Contributing Writer

Published: Monday, October 17, 2011

Updated: Monday, October 17, 2011 23:10

Last Tuesday, Noam Shuster '11 spoke about her experiences volunteering in Rwanda with people affected by the genocide.

Shuster grew up in Neve Shalom/ Wahat Al Salam, Israel, a village where she said Israelis and Palestinians live peacefully together. In this environment, she was "constantly surrounded by peacemakers" who inspired her to work in an environment where she could help promote peace, she said.

This brought her to Rwanda, a country torn apart by genocide and whose population was left with emotional and physical damage. In 2009, Shuster became a Sorensen Fellow, a Brandeis initiative that gives a stipend to students to intern over the summer. This gave Shuster the resources to intern in Kigali, Rwanda with the Interdisciplinary Genocide Studies Center.

The genocide in Rwanda took place from April to July 1994, where the Hutu majority murdered many people from the Tutsi minority, culminating in about 800,000 deaths from both sides, according to the Human Rights Watch.

During the internship, Shuster worked with victims of the genocide who were raped and contracted HIV. "Women who survived this horrifying act were actually dying from AIDS," she explained. About 100,000 to 250,000 women were raped during the genocide, according to the United Nations.

In Rwanda, which Schuster said is about the same size as Maryland, the statistics show how everyone was affected by the genocide. She described how "every corner of the country has a memory."

Shuster became a Davis Projects for Peace scholar, an initiative that grants students at a variety of colleges money to work on peace projects, and a World of Work fellow, a Brandeis program that gives financial support for unpaid summer internships. These programs allowed Shuster to continue her work in Rwanda after graduating.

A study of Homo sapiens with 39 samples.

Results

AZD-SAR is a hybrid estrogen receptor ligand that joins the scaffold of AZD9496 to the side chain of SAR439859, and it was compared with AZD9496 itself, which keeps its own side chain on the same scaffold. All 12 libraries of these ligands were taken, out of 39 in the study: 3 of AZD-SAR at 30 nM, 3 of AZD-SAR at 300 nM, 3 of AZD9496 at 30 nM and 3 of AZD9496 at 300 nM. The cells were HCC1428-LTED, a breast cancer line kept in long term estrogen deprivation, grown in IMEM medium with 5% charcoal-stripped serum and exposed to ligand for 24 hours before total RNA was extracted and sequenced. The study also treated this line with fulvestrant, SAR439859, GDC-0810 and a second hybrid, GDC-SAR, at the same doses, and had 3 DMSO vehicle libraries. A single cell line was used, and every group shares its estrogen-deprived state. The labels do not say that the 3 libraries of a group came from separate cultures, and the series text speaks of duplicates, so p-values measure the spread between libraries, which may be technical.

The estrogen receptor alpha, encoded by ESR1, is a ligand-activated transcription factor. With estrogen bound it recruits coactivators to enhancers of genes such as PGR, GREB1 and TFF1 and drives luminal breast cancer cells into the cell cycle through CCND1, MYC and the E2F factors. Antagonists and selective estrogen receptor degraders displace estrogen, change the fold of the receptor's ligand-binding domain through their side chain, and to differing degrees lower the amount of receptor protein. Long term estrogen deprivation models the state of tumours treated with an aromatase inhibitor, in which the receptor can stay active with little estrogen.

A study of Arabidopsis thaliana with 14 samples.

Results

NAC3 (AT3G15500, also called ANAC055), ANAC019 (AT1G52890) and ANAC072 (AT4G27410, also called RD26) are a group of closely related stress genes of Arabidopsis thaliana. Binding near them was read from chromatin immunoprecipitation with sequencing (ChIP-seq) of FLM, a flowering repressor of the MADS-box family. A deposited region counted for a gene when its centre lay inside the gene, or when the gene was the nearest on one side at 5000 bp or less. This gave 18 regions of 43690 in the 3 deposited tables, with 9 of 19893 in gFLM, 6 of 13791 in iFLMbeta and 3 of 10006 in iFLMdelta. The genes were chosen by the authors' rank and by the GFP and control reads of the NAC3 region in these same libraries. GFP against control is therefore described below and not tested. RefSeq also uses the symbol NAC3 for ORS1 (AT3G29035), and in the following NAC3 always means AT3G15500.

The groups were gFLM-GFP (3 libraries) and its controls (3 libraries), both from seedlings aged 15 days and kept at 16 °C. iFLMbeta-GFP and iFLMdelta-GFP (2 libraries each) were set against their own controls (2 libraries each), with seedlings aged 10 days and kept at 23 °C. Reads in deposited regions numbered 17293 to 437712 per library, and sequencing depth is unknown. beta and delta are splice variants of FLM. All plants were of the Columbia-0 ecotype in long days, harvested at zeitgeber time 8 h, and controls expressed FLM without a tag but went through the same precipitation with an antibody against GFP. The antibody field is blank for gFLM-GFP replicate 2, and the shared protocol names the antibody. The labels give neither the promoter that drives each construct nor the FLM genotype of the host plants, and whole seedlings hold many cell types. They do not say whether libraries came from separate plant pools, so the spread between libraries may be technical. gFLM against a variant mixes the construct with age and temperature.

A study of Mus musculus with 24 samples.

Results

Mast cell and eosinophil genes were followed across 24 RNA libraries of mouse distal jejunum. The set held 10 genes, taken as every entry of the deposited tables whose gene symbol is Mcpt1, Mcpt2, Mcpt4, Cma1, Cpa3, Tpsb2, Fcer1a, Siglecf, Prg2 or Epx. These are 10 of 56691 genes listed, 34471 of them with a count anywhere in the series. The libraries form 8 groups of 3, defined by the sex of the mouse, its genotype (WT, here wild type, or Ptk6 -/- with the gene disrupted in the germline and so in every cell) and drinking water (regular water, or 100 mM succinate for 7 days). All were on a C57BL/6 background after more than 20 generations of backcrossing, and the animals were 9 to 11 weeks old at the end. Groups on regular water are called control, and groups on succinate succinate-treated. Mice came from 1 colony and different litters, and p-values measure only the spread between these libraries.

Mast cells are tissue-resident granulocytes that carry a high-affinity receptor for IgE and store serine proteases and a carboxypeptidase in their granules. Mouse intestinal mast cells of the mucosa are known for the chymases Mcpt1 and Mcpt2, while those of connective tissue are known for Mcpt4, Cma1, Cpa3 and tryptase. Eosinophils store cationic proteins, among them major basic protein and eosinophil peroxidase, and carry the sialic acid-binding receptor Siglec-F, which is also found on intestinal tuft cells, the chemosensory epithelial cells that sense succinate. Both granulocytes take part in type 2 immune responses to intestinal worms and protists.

Over the summer, Shuster worked with youths who had HIV as a result of the genocide. The youths, who were from both Hutu and Tutsi backgrounds, worked together to write and produce a theater project. On the last day of the program, their parents and other relatives come and watch them perform.

Shuster explained that a key component of organizing youth programming was "working with a peer mentoring system." She helped teach leadership skills to older youths, around 17 or 18 years old, who were then able to teach and be role models for the younger children, who were around 12 and 13.

In Rwanda, children must be told at age 12 if they have HIV. Many of the kids entered the program just after finding out, and they were not very educated about it. "A lot of the kids in the beginning of the summer program thought HIV meant death," she explained. The peer-mentoring program allowed the older youths living with HIV to show the younger kids that they could still lead a healthy life with HIV.

Even though Shuster brought together and educated HIV-infected youths from both Hutu and Tutsi backgrounds and helped many become strong leaders, she stressed that "there are a lot of problems in Rwanda still."

"I don't want you to think that it's a perfect country," Shuster said.

Shuster is taking the lessons she learned from how the Hutu and Tutsi coexist today and comparing them to possible peace-making situations in other countries, such as Israel. "They do have a lot of problems," she explained. "But they are living side by side."

In the future, Shuster plans to go back to Israel and get a master's degree in public health and continue working on youth and women's empowerment. "And," she added, "I'm flying back [to Rwanda] on Thursday to continue working."